Right away we get a reasonably full and clear explanation of just what happened to Hye-jeong's grandmother in surgery so long ago. The outcome of this scene left me a little confused. The surgical team screwed up. That much has never been in doubt. But they reacted poorly in the face of an unanticipated situation. While such failures are bad, they're also fairly inevitable. Doctors are only human after all. This is something Hye-jeong herself knows all too well, what with being put under disciplinary review for having committed a different kind of error.
One of the bigger problem I've had with "Doctors" is that it's hard to figure out the moral thrust the drama's going for. Take Hye-jeong's dad. He doesn't appear this episode. Actually, as far as I can recall we haven't seen him at all since Hye-jeong's big epiphany that fathers matter near the end of the Namgoong Min plot. Are they reconciling or does she still hate him, and why does this topic receive so little discussion?
It's the same way with Hye-jeong's quest for vengeance. I can't tell whether we're supposed to want her to succeed or not. Writer Ha Myeong-hee seems to be going for nuance, yet director Oh Choong-hwan keeps making a point of how the more antagonistic characters are total jerks. That really should not be a consideration when it comes to medical ethics. It's a completely arbitrary standard.
But then the understanding of medical ethics has always been a weak point in "Doctors". What's the deal with Kang-soo being operated on by his co-workers? Yes, yes, I know not everything needs to be literal- the point of the scene is about how the various doctors come together as a family. Even so, it's a very silly supporting plot to have when the consequences of surgery gone wrong is being given such emphasis in the main storyline.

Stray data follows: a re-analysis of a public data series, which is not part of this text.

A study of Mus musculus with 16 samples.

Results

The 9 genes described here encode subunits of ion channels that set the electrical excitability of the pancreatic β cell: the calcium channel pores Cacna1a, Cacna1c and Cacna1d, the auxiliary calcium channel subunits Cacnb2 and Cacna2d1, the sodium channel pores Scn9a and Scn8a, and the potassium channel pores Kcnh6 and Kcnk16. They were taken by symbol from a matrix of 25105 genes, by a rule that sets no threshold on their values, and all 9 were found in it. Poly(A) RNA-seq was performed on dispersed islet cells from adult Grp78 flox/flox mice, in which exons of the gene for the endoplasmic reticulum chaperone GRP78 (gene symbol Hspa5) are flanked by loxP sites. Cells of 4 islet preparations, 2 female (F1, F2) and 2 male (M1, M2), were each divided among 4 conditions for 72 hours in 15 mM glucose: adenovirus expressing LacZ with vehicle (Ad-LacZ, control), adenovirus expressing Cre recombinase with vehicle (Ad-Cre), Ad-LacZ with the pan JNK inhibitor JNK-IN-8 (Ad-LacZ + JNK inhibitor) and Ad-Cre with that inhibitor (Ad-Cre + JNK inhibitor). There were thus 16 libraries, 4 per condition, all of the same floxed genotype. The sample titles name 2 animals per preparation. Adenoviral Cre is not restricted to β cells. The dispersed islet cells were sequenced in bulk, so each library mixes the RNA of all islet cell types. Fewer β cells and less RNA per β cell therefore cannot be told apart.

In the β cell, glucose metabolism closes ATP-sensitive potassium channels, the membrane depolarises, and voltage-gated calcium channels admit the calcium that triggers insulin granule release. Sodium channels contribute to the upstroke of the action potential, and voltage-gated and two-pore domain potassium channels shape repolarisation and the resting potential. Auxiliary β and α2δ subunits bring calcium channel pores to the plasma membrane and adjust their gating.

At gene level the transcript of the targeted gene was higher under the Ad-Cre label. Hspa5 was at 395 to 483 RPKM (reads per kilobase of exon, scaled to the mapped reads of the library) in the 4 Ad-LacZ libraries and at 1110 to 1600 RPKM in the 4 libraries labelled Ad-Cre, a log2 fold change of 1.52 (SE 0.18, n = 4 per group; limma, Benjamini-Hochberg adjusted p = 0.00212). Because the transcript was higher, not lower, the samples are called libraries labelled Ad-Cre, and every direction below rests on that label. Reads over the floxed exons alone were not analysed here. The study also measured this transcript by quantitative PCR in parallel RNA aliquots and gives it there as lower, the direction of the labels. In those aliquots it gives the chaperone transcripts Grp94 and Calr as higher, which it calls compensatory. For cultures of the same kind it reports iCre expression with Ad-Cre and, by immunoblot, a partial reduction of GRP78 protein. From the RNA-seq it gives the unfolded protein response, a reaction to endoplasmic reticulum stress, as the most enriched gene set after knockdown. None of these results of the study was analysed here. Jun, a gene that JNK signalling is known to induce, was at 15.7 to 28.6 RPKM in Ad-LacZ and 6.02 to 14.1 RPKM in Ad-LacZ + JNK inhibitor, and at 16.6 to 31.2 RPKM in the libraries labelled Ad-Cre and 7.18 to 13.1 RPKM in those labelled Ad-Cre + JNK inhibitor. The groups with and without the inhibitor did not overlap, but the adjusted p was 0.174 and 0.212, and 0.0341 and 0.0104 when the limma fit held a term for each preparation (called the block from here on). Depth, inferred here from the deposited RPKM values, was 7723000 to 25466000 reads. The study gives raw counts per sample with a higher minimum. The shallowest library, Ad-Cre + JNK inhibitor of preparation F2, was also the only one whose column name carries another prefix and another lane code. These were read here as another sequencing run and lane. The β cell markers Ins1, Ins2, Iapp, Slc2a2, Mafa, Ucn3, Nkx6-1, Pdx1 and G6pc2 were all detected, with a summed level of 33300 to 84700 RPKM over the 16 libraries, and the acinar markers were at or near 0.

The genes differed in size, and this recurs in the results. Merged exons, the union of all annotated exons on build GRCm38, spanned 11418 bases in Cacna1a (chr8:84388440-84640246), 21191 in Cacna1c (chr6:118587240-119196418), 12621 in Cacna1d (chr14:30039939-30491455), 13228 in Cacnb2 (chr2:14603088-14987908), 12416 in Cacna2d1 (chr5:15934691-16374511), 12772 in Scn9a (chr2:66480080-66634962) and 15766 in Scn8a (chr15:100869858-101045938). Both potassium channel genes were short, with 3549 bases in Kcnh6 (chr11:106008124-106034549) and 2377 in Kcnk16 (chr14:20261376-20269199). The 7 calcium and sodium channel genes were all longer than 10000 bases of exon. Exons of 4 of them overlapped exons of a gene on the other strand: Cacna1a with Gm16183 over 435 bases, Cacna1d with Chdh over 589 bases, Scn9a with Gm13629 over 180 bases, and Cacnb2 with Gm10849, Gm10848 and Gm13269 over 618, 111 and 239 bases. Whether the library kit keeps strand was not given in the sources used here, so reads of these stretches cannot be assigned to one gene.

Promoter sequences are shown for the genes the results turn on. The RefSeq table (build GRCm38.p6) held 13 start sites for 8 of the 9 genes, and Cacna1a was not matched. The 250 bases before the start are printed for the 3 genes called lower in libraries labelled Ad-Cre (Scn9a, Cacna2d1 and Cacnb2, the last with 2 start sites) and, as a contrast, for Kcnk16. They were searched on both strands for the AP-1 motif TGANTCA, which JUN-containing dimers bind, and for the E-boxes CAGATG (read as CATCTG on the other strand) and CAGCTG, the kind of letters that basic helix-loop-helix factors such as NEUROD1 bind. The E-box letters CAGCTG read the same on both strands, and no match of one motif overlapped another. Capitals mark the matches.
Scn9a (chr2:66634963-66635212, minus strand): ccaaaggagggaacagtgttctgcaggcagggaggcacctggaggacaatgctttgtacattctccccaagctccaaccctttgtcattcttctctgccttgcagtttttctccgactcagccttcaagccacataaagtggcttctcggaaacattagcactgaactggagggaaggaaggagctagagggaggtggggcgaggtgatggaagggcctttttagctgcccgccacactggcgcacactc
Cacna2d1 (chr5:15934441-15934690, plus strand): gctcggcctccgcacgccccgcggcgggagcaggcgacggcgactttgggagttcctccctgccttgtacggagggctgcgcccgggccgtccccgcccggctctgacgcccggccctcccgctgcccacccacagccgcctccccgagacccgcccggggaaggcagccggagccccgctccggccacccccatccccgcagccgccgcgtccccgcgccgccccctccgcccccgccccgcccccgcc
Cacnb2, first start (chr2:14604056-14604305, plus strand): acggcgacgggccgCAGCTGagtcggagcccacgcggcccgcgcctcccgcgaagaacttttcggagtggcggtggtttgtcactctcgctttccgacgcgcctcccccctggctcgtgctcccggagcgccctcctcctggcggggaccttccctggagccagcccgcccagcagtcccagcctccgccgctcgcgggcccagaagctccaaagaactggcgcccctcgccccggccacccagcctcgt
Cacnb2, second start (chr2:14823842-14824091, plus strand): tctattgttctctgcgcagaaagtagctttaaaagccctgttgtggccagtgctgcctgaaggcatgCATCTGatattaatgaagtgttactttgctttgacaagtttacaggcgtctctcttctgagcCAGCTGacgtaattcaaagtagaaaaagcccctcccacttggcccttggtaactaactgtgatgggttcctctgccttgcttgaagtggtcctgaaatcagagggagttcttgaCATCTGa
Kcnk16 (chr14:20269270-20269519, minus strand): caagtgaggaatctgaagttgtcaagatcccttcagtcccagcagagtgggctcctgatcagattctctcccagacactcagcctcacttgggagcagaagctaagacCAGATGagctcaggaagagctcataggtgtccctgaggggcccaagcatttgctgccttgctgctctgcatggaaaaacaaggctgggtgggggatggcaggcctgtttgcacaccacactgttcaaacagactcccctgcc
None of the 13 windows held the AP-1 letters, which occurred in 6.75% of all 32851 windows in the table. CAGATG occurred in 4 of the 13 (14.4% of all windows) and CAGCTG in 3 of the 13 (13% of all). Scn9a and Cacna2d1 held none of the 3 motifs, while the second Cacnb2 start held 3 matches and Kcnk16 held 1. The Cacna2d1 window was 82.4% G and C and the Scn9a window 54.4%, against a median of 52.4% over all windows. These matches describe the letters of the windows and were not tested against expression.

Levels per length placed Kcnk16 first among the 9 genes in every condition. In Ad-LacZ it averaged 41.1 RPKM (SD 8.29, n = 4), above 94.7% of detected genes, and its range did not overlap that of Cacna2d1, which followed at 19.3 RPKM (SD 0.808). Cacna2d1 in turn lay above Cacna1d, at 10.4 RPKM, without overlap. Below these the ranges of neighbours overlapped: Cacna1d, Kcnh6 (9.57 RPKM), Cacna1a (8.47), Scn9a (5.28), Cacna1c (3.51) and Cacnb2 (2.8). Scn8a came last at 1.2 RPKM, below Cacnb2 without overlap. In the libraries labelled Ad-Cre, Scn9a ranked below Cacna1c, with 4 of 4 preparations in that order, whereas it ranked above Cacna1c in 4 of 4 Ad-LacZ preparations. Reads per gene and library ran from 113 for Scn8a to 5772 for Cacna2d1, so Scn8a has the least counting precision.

While it's normally a good thing when a drama's plot is difficult to predict, with "Doctors" this element is less the result of creativity and more a function of the drama's generally baffling production design. Any time the story moves in a generally linear direction (like with Kang-soo's surgery), the plot arc is fully predictable and the main point of contention is over how the other characters react. While this kind of storytelling isn't terribly exciting, it is at least relatively easy to parse, which is more than I can write for "Doctors" writ large.
Review by William Schwartz
Staff writer. Has been writing articles for HanCinema since 2012, having lived in South Korea since 2011. Started out in Gyeongju, then to Daegu, then to Ansan, then to Yeongju, then to Seoul, lived on the road for HanCinema's travel diaries series in the summer of 2016, and is currently settled in Anyang. Has good tips for utilizing South Korea's public bus system. William Schwartz can be contacted via email@example.com.
"[HanCinema's Drama Review] "Doctors" Episode 17"
by HanCinema is licensed under a Creative Commons Attribution-Share Alike 3.0 Unported License.